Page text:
Off-duty Hull Royal nurse Gary Hewitt saves train passenger's life
AN OFF-duty A&E nurse has been hailed a "credit to his profession" for saving the life of a commuter who collapsed after suffering a heart attack.
Gary Hewitt, who works at Hull Royal Infirmary, had been on a walking break when he found the unconscious man on the main concourse at Glasgow train station.
He said: "My wife and I had gone to buy some train tickets and taken a wrong turning in Glasgow station and came across this scene – a man had collapsed.
"Police officers and a load of other people were standing around him. He had turned blue and had collapsed a few minutes before I arrived.
"After making sure an ambulance had been called, I began performing chest compressions."
Meanwhile, British Transport Police officers rushed to fetch a defibrillator – a machine capable of restarting the heart.
Father-of-three Gary, 55, who has 31 years' A&E experience, said: "When the machine turned up, I used it to shock the guy twice. I am at home with this equipment and use it all the time.
"It worked. His heart restarted and he began breathing. It was a massive relief."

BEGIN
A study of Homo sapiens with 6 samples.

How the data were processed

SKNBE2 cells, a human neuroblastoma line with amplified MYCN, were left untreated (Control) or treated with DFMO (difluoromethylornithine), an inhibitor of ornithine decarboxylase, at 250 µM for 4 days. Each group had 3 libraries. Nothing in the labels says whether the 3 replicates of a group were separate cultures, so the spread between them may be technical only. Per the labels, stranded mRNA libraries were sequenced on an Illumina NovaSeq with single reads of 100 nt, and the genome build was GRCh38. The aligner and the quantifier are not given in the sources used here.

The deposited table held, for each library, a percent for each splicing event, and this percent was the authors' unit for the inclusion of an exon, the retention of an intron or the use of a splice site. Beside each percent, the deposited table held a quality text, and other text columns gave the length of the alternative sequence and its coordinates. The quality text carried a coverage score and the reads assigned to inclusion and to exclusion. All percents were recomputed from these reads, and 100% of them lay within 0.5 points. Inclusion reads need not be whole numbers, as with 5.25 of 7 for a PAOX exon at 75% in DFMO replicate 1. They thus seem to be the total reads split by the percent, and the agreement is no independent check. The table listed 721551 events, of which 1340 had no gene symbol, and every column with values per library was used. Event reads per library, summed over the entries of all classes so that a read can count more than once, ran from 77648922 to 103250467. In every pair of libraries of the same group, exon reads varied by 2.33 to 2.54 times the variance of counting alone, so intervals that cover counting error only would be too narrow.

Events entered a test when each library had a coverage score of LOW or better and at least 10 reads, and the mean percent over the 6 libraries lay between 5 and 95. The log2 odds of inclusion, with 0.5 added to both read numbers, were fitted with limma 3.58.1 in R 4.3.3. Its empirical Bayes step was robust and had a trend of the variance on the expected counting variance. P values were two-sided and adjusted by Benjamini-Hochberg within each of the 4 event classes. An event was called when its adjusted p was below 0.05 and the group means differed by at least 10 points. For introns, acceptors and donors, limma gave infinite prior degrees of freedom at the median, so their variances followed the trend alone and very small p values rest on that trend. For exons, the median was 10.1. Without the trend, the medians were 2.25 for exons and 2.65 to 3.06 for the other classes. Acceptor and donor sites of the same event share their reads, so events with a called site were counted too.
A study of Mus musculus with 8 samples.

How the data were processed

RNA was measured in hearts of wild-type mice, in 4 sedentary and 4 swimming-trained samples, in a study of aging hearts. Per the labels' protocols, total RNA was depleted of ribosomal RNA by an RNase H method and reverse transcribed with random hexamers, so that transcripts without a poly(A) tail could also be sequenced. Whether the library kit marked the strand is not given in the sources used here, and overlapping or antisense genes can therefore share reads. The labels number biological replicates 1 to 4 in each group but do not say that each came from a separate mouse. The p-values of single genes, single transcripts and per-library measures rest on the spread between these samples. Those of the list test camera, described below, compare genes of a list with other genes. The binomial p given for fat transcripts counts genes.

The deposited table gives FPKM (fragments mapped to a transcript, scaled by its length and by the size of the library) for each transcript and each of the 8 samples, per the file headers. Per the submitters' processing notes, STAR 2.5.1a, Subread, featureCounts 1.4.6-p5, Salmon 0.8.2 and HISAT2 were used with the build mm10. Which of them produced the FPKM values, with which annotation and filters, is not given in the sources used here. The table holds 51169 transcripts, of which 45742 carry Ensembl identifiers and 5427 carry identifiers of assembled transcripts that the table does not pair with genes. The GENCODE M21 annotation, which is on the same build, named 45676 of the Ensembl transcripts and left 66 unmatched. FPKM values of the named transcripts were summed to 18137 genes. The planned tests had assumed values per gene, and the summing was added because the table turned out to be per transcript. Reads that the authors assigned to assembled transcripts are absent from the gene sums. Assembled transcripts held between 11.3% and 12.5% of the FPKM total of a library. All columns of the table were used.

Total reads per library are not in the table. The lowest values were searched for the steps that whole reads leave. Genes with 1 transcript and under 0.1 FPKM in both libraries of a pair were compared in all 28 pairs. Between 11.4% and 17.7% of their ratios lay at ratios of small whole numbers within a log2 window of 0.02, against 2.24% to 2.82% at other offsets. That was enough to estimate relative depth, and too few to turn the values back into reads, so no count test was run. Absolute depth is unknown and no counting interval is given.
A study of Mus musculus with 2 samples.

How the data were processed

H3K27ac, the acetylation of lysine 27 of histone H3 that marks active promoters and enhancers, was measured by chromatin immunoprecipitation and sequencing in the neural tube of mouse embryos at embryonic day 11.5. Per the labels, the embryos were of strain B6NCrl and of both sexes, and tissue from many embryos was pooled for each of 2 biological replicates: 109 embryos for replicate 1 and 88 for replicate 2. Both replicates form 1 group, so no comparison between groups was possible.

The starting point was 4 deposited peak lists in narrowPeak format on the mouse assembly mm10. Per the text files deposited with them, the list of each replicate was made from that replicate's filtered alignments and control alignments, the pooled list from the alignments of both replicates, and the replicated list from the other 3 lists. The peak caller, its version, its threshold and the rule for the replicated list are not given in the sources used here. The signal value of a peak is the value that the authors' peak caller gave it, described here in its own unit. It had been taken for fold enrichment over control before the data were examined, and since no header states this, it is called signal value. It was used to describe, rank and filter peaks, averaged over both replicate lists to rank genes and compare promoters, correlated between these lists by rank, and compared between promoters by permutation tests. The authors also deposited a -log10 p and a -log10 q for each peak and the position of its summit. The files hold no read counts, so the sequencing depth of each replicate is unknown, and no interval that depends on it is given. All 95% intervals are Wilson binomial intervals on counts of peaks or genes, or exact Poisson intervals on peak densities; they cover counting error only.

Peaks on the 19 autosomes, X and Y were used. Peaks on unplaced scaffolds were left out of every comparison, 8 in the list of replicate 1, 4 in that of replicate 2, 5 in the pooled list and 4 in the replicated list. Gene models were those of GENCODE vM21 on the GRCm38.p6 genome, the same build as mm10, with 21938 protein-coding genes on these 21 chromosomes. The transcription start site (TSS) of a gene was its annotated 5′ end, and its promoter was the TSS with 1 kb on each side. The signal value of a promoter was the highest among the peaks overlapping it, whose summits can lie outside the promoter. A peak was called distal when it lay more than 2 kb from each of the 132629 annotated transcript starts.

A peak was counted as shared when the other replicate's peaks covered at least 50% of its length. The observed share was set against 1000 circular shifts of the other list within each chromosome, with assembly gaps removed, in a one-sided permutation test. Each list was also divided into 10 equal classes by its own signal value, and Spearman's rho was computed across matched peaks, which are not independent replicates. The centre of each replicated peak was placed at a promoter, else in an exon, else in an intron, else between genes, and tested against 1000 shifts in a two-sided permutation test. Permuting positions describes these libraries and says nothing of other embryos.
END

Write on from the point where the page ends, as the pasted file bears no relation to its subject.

Gary, who lives in the Beverley area, said it was lucky he was in the right place at the right time.
He said: "I train people in resuscitation techniques but you never expect to have to use your skills when you are off-duty. I am just pleased I was able to help the guy."
Gary had visited Scotland to complete the West Highland Way walk from Glasgow to Fort William.
"Afterwards, my wife and I went for a sit down and a cup of tea – we needed it," he said.
Due to patient confidentiality, Gary was unable to find out if the man had survived.
But a call some weeks later from the police informing him he was to be awarded a commendation for his actions delivered the news he had been hoping for.
"The guy was taken off to hospital," said Gary. "I knew the hospital would not give me a condition check, so I didn't ring.
"But then the police told me he had survived. Not only that, he had returned to work."
During a presentation ceremony in Glasgow, Gary met the man, who has not been named.
Gary was thanked by the man for saving his life.
Officers say he is a 60-year- old BT worker.
Alison Lovatt , interim chief nurse at Hull Royal Infirmary, said: "First and foremost, we are very pleased the gentleman in question is recovering well and we would like to pass on our best wishes to him.
"Gary is a credit to his profession and our trust and we are extremely proud to say he works for our organisation."